The designer, who splits her time between Sao Paulo - her home city and Brazil’s capital - and New York, where she has a showroom in the heart of SoHo, has always lived a globetrotting life and it shows in her modern, metropolitan creations.
Born to French parents in Brazil, her childhood was split between North and South America, and summers were spent with extended family in Europe. It was when she returned to Sao Paulo after graduating from New York’s Parsons School of Design that her jewelry designs moved to the next level, thanks, she believes, to being surrounded by Brazil’s twin bounties of native precious stones and talented craftspeople.
“I discovered all of the wonderful gemstones of Brazil, started getting stones cut to my designs, and met the team of goldsmiths I still work with today,” she says.
Her spectacular one-of-a-kind necklace, Urban Encounters, is inspired by the architecture, colors and energy of Sao Paulo - a city in constant motion. A stack of yellow and white gold grids represent the capital’s high rises, contrasting with the free movement of spheres in rose quartz, pink tourmaline, imperial topaz, citrine, smoky quartz and lemon quartz, which represent the city's melting pot of cultures and races.
Natural Encounters meanwhile, with its softer, more varied silhouettes and choice of colored gemstones, celebrates the earthly beauty of the countryside beyond the metropolis. "I wanted to incorporate Sao Paulo's beautiful mountains, forests and ocean - which are also indicative of Brazil as a whole," she says. Inspired by the kinetic movement of children's toys, Perpetual Motion is Yael's signature collection and a concept that she has been working on since her student days at Parsons.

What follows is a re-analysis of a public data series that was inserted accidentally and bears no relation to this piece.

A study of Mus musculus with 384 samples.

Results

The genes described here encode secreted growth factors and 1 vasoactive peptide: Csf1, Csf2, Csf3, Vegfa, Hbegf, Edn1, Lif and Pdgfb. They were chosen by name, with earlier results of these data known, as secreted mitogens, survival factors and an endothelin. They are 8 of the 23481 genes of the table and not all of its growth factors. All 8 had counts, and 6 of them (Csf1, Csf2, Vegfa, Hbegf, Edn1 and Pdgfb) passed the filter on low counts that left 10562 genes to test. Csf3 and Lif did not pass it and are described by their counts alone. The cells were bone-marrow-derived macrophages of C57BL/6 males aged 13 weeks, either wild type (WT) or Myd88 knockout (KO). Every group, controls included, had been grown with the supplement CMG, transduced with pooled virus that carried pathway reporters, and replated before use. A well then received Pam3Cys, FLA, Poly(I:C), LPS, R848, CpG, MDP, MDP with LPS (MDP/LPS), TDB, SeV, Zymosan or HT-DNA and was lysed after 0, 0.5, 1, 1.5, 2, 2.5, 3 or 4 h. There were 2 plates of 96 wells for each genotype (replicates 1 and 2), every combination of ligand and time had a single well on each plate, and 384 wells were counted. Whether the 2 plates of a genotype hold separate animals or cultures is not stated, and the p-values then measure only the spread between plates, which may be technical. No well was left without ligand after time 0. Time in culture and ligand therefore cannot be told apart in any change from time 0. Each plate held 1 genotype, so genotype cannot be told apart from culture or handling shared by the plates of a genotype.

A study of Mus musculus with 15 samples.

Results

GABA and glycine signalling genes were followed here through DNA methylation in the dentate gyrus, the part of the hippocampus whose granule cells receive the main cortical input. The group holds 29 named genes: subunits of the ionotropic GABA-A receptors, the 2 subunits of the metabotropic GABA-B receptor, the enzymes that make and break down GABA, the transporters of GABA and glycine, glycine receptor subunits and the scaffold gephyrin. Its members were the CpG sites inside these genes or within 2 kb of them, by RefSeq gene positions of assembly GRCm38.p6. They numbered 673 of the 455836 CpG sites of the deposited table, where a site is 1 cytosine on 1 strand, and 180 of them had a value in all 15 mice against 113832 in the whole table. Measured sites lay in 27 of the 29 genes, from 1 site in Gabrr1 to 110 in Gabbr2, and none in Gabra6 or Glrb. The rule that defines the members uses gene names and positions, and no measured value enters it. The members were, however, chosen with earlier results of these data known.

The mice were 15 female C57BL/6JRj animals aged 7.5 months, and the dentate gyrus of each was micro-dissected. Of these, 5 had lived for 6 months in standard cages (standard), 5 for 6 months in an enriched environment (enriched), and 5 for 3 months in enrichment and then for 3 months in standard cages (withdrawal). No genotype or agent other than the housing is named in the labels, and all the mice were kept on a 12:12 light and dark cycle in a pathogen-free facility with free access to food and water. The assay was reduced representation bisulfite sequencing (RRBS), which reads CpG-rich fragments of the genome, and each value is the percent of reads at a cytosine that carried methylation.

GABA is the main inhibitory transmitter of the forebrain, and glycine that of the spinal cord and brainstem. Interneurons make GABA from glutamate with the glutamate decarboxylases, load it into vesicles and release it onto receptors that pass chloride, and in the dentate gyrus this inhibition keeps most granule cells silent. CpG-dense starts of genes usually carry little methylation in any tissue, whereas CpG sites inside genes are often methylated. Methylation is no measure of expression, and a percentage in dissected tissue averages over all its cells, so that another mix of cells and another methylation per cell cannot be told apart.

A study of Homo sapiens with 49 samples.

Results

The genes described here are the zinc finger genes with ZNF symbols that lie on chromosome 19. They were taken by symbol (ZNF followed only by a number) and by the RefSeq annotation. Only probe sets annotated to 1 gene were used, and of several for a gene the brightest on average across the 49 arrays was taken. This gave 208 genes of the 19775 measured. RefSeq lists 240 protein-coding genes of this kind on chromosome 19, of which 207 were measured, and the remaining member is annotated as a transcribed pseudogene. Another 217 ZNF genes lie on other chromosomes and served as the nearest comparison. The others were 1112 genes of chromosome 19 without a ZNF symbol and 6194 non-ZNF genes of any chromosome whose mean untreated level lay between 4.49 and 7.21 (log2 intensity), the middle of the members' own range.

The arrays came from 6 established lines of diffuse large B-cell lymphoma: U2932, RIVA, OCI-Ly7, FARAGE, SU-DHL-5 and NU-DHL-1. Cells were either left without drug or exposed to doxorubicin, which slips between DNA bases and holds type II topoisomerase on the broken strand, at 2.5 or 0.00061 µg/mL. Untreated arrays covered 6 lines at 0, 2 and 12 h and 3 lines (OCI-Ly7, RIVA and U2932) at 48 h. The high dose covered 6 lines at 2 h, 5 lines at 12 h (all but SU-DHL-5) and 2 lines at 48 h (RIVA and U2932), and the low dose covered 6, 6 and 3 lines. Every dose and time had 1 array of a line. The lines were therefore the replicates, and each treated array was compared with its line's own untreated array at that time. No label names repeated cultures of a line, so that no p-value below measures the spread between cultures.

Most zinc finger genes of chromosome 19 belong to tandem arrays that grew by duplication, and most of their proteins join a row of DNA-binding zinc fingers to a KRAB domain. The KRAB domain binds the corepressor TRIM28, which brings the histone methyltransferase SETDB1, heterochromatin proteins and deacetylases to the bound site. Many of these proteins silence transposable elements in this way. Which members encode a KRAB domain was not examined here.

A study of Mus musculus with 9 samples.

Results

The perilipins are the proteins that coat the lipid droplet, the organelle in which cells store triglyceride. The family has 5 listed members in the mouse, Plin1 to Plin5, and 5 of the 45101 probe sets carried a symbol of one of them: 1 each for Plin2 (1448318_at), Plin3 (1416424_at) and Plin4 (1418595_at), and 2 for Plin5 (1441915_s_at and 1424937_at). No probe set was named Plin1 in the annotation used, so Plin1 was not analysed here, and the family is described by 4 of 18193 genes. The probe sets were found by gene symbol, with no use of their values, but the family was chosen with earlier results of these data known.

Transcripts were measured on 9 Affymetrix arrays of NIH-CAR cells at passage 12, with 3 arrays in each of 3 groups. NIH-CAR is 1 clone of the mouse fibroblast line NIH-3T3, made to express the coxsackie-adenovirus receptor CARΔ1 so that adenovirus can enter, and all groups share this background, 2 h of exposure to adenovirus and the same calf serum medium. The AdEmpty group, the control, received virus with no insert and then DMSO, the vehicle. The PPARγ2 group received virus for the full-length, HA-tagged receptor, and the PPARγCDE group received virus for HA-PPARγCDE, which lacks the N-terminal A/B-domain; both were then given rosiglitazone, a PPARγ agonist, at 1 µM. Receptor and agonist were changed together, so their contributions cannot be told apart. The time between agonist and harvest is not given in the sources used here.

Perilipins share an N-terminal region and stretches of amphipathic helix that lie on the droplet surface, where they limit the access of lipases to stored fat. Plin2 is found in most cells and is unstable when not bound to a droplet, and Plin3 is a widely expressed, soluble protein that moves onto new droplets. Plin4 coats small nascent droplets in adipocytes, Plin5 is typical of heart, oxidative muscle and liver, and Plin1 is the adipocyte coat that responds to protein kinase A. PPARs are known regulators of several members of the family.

Incorporating the playfulness and movement that characterizes her work, spheres of precious gems, including rubellite, pearl and diamond pavé, are freed from traditional bezel and prong settings to move in rhythm with the wearer. One of the favorite parts of Yael's work is to witness the delight of a customer interacting with her creations, such as the vibrant imperial topaz gracefully sliding in her Half Round Brilliant Solo ring, a piece that can also be worn as a pendant. "It reminds me of the subtle, innocent pleasure of being a child with a new toy," she explains.
However, beneath all this playfulness lies absolute precision. A student of math and science, as well as art, Yael spent months perfecting the design of her Spinning Top Curve earrings to recreate the motion of a spinning top using custom-cut quartz gemstones and millimeter-perfect metalwork.
This questioning approach to jewelry also led her to create the Rock collection, a whimsical play on words of when a woman refers to her engagement ring as her “rock”, and the idea of a precious gemstone in its original, organic, rock-like form. Here, the organic shapes of richly colored, roughly faceted tourmaline and amazonite orbs contrast with their smooth, simple settings for a look that is both chic and tongue-in-cheek. "I wanted it to be less about the intrinsic value of the stone and more about the designs and details of the piece." A hit with Yael's customers, the Rock rings are now being worn as engagement rings. "A literal rock on the finger," she says with a smile.